LA Clippers’ Luc Mbah a Moute will trouble Harrison Barnes
The LA Clippers go against the Dallas Mavericks on Wednesday night, and Harrison Barnes has a real challenge on his hands against Luc Mbah a Moute.
The LA Clippers may have missed out on the Kevin Durant sweepstakes in NBA free agency this summer, but the small forward they do have at their disposal has still been impressing. Luc Mbah a Moute, from guarding any position asked of him to actually increasing his offensive input, has been fantastic to start the new season.
Beyond his 43.5 percent shot from three with 0.7 makes per game (for someone who’s always been a poor shooter like Luc, we’re well and truly in the small sample size stage), his defense warrants some real attention. Because he’s simply been brilliant so far. As a major contributor to the Clippers’ 2nd ranked defense (97.7 points allowed per 100 possessions, just 0.5 behind the Atlanta Hawks), Luc has been playing at an All-Defensive level so far.
He can simply do so much with his long, 6’8″ frame, quick feet and drive to keep hustling. He’s been using all of that to defend every position from point guard to power forward, and has often covered the opposing team’s point guard to help take some of the defensive burden off Chris Paul. And seeing as Luc has been successful in doing so, along with guarding the best wing scorer, there’s no reason he won’t carry on and be just as effective.
He can shift his feet well enough to cover guards on drives to the basket and he uses his length effectively to contest at the perimeter, either smothering three-point attempts or sticking with opposing wings as they try to create past him when attacking inside.
Such play has enabled Luc to, as best as possible, become the Clippers’ missing piece at small forward, helping opposing teams score 9.1 fewer points per 100 possessions when he’s on the court this season. On top of that, Luc ranks 14th among all players and 6th among power forward in Defensive Real Plus/Minus.
On Wednesday night, Luc will be guarding Harrison Barnes, the Golden State Warriors’ outcast who left this summer to make room for Kevin Durant.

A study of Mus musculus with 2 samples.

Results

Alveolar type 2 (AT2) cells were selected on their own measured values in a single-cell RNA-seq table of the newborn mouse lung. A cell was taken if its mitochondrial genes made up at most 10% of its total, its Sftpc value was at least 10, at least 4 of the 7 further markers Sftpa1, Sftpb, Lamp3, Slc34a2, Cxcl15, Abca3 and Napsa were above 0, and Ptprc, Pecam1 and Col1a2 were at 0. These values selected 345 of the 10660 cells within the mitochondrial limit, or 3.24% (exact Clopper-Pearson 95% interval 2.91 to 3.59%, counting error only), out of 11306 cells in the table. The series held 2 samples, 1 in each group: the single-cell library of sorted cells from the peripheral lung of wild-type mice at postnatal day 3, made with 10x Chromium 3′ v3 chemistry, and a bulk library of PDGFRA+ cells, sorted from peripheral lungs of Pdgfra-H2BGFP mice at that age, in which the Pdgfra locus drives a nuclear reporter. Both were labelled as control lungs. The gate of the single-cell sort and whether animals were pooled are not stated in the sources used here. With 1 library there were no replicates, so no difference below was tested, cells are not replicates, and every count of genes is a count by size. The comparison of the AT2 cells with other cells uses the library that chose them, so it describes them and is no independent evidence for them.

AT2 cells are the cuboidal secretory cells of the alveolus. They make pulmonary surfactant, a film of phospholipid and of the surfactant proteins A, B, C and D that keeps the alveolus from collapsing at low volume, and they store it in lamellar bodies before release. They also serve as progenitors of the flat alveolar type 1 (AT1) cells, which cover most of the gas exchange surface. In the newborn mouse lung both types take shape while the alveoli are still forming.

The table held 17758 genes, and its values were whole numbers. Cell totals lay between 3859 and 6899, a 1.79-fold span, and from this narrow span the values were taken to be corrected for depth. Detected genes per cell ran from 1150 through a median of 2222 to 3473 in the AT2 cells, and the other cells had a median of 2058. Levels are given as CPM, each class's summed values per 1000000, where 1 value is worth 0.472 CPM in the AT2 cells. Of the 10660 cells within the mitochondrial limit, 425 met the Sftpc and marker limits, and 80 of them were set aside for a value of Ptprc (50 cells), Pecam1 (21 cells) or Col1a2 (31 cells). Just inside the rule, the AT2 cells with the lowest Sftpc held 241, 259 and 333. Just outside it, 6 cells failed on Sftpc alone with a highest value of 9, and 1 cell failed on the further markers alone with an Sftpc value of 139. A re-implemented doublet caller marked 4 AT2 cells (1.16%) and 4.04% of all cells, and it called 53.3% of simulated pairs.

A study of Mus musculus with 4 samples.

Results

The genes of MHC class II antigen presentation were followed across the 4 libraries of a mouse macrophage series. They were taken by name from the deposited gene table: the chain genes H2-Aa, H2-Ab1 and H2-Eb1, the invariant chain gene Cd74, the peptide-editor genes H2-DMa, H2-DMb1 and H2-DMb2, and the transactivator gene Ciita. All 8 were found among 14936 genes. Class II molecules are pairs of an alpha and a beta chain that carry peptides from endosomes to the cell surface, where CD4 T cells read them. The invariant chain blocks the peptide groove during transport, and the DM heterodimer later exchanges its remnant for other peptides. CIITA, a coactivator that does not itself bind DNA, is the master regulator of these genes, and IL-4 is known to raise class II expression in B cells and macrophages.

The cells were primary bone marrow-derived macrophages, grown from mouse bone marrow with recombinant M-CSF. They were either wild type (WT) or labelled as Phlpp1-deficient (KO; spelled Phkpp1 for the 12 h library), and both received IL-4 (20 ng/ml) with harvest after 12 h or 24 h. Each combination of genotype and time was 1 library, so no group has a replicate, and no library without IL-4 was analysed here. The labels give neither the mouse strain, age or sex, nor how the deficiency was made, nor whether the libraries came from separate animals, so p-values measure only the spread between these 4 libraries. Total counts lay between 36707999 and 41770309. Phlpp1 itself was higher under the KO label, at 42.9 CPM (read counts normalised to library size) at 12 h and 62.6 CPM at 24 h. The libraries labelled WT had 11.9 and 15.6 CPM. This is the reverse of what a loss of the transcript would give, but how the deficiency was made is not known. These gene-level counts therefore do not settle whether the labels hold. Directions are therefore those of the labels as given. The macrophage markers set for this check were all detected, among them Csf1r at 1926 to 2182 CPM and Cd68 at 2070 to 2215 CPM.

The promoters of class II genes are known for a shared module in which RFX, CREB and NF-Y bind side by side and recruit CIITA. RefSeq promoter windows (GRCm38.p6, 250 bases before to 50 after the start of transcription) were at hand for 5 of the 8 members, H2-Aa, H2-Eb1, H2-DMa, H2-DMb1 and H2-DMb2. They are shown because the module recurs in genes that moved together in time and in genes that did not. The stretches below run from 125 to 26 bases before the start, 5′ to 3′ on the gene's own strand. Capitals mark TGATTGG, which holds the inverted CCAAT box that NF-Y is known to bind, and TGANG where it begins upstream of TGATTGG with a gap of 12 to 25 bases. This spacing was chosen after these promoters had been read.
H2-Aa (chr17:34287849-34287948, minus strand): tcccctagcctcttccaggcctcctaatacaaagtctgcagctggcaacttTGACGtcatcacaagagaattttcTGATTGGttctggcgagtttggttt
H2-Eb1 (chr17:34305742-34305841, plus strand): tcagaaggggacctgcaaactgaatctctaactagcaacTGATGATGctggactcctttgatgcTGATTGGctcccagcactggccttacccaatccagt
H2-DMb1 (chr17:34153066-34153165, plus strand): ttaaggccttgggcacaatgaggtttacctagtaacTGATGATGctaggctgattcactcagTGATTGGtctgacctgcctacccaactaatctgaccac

Barnes has been the end of countless jokes over the last few months. He was the Warriors’ complimentary starter, responsible for standing in the corners to shoot open threes and play some defense at both forward positions. He wasn’t a go-to scoring option with the talent to play like one, even though some argued that he was merely held back and didn’t have his chance to shine playing in Golden State.
Well, he has never been a go-to scorer. That fact and his relegation to a fold-up seat near the end of Team USA’s bench at the Rio De Janeiro Olympics turned Barnes into a joke after he received his overpriced four-year, $94.4 million deal from the desperate Dallas Mavericks this July.
He wasn’t ready to be a go-to scorer and carry a franchise, and ugly play in preseason only reinforced to everyone just how much he got overpaid.
However, since then, the very same Harrison Barnes, who spent months as a punchline, has started proving people wrong.
No, he certainly isn’t an elite scorer and he won’t come close to carrying this Mavs team to the playoffs. But he’s improved more than we thought he would.
Even though his three-point percentage has fallen to 28.9 and he hasn’t been gaining as many three throw attempts (4.5 per game) as you’d like from an athletic, 6’8″ combo forward with the ball in his hands a lot, Barnes has clearly developed his handle and has done a better job of creating for himself. When either attacking off the dribble from mid-range or manoeuvring to the basket, he’s shown improvement.
Put such developments to his game together, and his three 30-point games and average of 21.2 points a night on 46.3 percent shooting is more than solid in his lead scorer role.
The problem is that we’ll likely see him struggle a little more when his long two-pointers stop falling with such high efficiency; it’s hard to see him making 48.6 percent of his shots from between 16 feet and the arc all year long.
To put his scoring to the test, Barnes will have a great challenge going against the smothering team defense of the LA Clippers and Luc Mbah a Moute in one-on-one situations. Luc, as we’ve been reminded of all season so far, is designed to trouble guys like Barnes, especially ones without the best handles to break free.